Carvana last week gave investors a tease about what's in store when it releases its third-quarter financial results.
The digital used-vehicle upstart said it anticipates reporting record retail vehicle sales, total revenue, total gross profit per vehicle and EBITDA — earnings before interest, taxes, depreciation and amortization — margin for the third quarter. Carvana's positive projections dovetail with a used-vehicle market that rebounded over the summer, despite a global virus outbreak that hasn't waned.
Carvana's stock price soared more than 30 percent on Sept. 22, the day the company gave its earnings preview. Its market capitalization rose to nearly $39 billion that day — an amount close to that of General Motors and more than twice that of CarMax, the nation's used-vehicle leader.
Carvana's stock price dipped by the end of last week — it closed Friday's trading at $203.26, down more than 10 percent from its weekly high of $226.83 on Sept. 22. But its stock is rising again this week. As of late Tuesday morning, its share price had passed $230, and its market cap was above $39 billion.
Carvana is clearly valued at a premium, despite the fact that the company hasn't reported a net profit since it went public in 2017. The retailer says it will break even in the third quarter after adjusting for interest, taxes, depreciation and amortization.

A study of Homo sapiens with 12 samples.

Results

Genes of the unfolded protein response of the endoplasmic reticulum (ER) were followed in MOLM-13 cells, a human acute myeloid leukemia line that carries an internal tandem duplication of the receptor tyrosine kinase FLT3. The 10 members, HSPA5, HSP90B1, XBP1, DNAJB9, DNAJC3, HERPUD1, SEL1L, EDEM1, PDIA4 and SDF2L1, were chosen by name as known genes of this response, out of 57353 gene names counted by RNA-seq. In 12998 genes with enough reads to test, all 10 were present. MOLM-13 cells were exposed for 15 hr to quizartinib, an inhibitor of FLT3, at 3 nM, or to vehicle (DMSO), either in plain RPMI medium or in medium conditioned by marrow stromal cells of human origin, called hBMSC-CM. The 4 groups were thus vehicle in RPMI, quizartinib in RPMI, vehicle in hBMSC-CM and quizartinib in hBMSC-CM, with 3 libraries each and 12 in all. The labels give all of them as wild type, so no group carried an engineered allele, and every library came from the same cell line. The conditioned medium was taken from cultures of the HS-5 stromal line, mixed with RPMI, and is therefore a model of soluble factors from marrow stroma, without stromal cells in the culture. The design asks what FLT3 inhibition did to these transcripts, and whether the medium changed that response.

Carvana says it is capitalizing on growing momentum among used-vehicle buyers after demand returned late in the second quarter and into the third. Even so, Carvana, Vroom and Shift have been riding a surge of investor interest this year as the online used-vehicle sellers seek to push the industry into an e-commerce future.
CarMax last week said it finished the rollout of its new omnichannel strategy in the second quarter, when it also reported record financial results. And many franchised dealership groups have been investing in digital tools, with an increase in that activity since March, when state efforts early in the pandemic to contain the spread of COVID-19 left some retailers with no option but to sell vehicles online.
Franchised dealerships' accelerated move toward digital sales can't entirely be attributed to keeping up with Carvana and the like. But they've certainly taken notice of the model.